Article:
Putting the Pieces Together: Red's Race Recap and Lessons
"Every race gives you an opportunity to learn and to grow and figure out who you are what you need." -Neely Spence Gracey
in her interview with Lindsey Hein [listen to the whole podcast HERE]
When I toed the line at the Red's Race 5-Miler I wanted to feel relaxed and free of any expectations. Prior to the race I didn't look up past winning times, I didn't look up my time there from four years ago, I didn't look at a pace calculator to see what kind of finish time my track splits translated to. I purposefully avoided all those things I often do before a race.
I just wanted to have fun and run by feel. That was the goal.
I've got two races under my belt so far for 2018 and both of them have been vastly different. In one I performed beyond even my own expectations and in the other I fell far short of my current abilities. I wanted to take those two experiences and see if I could manage to put into practice the things I've learned.
I went into race day with the following goals...
Find the fun and the joy. I love race day because of the community and friendships. Finding people to warm-up with makes the whole event way more fun. Normally, I warm up on my own and when I do I tend to get to deep into my own thoughts so I went out on a limb and asked a few people to join me on the warm up. For this introvert it is not easy to say, "Hey! want to run with me?" But the truth is I really prefer having company to running by myself. It puts me in a great mood and it is part of what I love about the sport.
Stay in the Moment. I run best when I don't dwell on or over-analyze the course. I feel more in-tune with my body. Prior to the race I didn't think about the course at all, which was similar to my approach for the Snowshoe National Championships where I simply went and ran each moment, having no idea what was coming next. I've run the 5-miler before, but not zoning in on the exact elevation profile or turns allowed me to stay in-tune with my effort.
Stay Open. If I approach every race as an opportunity to learn, instead of a litmus test of my ability then the race result doesn't define me. I'm not super happy with my Red's Race time, sure I won, but not in the time that I thought would be an accurate reflection of my current fitness. I think I landed squarely between what I'm capable of and what is comfortable. There were some uncontrollable, like wind and getting up twice in the night with my three year old and running alone for a good portion of the race, that probably had an impact on the result. I don't want my times or results to define me, so Red's Race was another chance to learn and grow and figure out what I need as an athlete.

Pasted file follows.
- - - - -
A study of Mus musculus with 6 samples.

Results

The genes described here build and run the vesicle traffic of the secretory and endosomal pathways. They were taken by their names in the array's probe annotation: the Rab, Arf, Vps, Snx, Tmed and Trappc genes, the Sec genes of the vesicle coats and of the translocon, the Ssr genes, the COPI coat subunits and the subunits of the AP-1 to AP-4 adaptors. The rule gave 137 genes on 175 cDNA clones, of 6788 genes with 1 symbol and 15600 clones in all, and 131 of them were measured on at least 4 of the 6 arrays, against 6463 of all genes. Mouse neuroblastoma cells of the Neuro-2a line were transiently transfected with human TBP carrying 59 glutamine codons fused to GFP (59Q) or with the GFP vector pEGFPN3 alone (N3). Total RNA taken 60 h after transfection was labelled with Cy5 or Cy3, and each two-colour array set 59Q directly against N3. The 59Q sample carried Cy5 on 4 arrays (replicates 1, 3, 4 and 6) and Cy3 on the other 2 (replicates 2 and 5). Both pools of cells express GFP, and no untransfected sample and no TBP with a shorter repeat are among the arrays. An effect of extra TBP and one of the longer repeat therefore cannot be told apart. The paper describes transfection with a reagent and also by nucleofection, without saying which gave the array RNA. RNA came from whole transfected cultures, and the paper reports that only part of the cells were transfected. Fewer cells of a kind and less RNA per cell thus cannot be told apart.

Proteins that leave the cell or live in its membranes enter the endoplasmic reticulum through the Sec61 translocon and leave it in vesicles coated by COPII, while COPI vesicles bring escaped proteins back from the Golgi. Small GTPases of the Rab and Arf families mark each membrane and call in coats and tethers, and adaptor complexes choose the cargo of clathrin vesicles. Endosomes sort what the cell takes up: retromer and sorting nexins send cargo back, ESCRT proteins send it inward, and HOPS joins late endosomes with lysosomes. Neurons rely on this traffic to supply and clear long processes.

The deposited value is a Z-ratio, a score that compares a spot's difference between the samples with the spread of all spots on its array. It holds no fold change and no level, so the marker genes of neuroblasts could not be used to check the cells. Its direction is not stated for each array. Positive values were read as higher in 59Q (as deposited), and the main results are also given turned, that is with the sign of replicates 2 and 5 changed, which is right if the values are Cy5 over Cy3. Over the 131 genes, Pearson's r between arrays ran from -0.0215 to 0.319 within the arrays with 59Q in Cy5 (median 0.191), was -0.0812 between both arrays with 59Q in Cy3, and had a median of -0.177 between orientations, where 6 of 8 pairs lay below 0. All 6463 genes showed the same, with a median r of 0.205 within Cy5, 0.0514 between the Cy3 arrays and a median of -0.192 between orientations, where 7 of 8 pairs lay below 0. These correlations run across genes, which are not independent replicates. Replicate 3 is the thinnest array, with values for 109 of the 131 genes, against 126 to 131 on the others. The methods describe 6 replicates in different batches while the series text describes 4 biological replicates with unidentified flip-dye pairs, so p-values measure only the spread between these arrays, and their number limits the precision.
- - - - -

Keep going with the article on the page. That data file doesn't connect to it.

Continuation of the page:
[Tweet "Making the most of your race experience #lessons #racechat"]
Looking back at Red's Race I feel like there were a few things I can work on
Digging deep even when you're alone. After the 2 Mile mark I found myself pretty much alone. There was a turn and I glanced back and knew that the second woman was at least 2 minutes back. At that point I think I eased up a bit. I was running into a headwind and wasn't "chasing" or "being chased" and so I think that I stayed comfortable. I want to work on staying zoned in on max effort. I think sometimes this happens to me in workouts where I ease off a little, because I start to mentally make excuses: this is "good enough." I'd like to be able to push through "good enough."
Surging. Running into a slight headwind around mile 3 I knew I needed to find someone to run behind and I tried to surge to catch a group of guys that was probably 30 seconds ahead. I think I gave up on the surge too soon. I wasn't "realing" them in as I hoped to do and the effort into the wind felt rough. I haven't really practiced surging on any of my runs, but I think it is valuable, especially for road racing. I don't have many more road races planned, but it might be fun to throw some surging practice in there for when it might come in handy.
Posture. A big focus for me over the past week has been my running posture and keeping my spine neutral and the power coming from my hips. One of the struggles I had in the Shamrock Half Marathon was that I think I was bent forward into the wind and up the hills, basically undoing my ability to use my glutes to power up the incline. For the most part I think my posture was really good throughout Red's Race, until the hill at mile 4 when I started that forward lean. Uphill running is best when you're over your hips and taking short choppy steps at a really high cadence.
Red is lucky.
When you race do you try to distill what you've learned?